A recent report by global business consultancy EY (Ernst & Young) named the UK as the best place in Europe to start, run and grow a business; coming second only to the US in the G20 rankings overall. Here we look at what big businesses in the UK can do to help take the country to the number one spot.
Britain has worked hard to become an entrepreneur-friendly country, especially over the course of the last Government – and it’s paying off. From the growing cult of the entrepreneur to recent policy changes aimed at supporting smaller firms, the UK is developing an increasingly competitive environment for SMEs, which now account for 99% of all enterprise activity in the market.
Viewed around the world as a country with a talented and skilled employee pool, relatively light regulation and a competitive tax system, the UK features highly as a destination for many entrepreneurs. Yet the country still comes second best to the US, particularly on key issues like access to finance.
With that in mind, here’s our take on what the UK needs to do to elevate itself to the number one position, and how big businesses can work with SMEs to make this happen.
1. Embrace and educate the SME sector
Innovation is the heart of small businesses and startups. Our recent research report, Collaboration Nation, highlighted this fact, with 65% of respondents feeling at that SMEs create more innovation in IT, engineering and technology than larger organisations.
Big business in the UK has a role in nurturing this creativity – educating SMEs and their employees to harness the power of their ideas. This comes through investment, in a monetary sense, as well as mentoring. While there has been a measure of improvement on this, it been focused on companies in the technology space. We need to widen this and ensure that all companies have access to a community of experienced entrepreneurs and business leaders to ensure the country’s future success.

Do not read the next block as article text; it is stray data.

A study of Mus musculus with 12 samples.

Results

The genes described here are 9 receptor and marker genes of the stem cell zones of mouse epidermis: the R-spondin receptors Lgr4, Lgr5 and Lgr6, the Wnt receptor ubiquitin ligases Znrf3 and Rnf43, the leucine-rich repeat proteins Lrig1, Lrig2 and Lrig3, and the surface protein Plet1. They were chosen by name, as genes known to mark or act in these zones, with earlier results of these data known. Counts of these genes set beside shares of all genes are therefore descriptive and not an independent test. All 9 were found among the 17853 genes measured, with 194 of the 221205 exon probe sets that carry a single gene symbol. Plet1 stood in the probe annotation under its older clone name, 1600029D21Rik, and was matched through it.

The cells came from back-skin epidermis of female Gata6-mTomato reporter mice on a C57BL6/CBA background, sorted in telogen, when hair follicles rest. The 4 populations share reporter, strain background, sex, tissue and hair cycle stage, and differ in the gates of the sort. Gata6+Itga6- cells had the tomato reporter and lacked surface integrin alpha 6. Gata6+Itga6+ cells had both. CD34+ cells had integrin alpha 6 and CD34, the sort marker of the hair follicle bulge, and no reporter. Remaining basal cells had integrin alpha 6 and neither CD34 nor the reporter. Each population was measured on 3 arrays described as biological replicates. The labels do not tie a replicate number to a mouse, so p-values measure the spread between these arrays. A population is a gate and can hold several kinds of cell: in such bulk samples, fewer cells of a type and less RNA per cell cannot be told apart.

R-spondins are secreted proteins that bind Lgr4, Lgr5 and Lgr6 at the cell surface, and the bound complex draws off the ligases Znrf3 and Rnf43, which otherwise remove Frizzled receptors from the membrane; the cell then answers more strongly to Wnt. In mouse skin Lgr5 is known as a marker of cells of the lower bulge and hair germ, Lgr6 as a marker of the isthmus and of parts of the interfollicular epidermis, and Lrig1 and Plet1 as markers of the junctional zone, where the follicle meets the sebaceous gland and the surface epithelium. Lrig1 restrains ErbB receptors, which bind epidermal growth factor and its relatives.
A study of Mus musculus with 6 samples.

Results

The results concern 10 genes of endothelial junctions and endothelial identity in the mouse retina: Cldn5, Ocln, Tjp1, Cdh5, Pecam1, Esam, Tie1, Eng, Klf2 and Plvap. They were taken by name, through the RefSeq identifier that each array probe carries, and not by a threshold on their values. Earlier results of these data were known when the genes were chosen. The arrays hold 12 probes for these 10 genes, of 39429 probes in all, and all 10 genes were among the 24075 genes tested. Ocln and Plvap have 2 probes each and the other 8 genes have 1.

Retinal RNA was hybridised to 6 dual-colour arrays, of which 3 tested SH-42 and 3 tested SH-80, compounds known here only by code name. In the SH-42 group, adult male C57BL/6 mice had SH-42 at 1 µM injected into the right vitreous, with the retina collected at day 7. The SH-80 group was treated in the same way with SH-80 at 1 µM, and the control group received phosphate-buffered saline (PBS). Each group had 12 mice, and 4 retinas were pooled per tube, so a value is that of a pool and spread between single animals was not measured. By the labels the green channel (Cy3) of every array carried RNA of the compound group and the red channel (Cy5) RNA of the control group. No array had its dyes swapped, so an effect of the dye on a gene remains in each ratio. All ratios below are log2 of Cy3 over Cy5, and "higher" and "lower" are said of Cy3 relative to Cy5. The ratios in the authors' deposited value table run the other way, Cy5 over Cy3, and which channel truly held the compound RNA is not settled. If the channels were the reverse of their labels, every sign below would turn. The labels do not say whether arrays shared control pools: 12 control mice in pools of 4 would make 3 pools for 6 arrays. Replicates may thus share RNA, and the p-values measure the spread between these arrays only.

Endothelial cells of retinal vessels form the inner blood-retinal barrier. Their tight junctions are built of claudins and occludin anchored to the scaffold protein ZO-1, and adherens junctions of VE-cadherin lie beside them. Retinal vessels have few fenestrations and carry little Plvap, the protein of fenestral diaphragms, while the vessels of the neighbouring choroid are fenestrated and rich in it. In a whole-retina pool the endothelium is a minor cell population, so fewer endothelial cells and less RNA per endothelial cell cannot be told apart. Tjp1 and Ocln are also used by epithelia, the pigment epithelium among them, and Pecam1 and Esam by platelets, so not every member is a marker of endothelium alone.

2. Build positivity by reducing fear of failure
An area where the US is defiant in its outlook, the UK’s attitude to failure has long been seen as a weakness in its entrepreneurial outlook. This was repeated in the EY Barometer, which reported that just 13% of entrepreneurs in the UK said that business failure was seen as an opportunity for learning, much lower than the G20 average of 23%. The only way to deal with this is through open discussion amongst large businesses, talking about their failures and what they have learnt from them.
Finally, and perhaps, most simply, is the need for big businesses to work more closely with SMEs. This incorporates both of the points above, but also leads more widely in to discussion around joint pitches for large contracts.
This is an area where SMEs are keen to see change – 85% of smaller SMEs [made up of one to three employees] currently say they needed larger suppliers to help them win business, and 71% of the SME category say they’re planning to work with larger suppliers in bids to supply large organisations of Government departments in the next five years.
The US market is seen as the biggest competitor to the UK in regards to entrepreneurs; however, with a growing emphasis on the sector globally, we need to acknowledge areas of weakness and improve them, or risk falling behind fast growing emerging markets.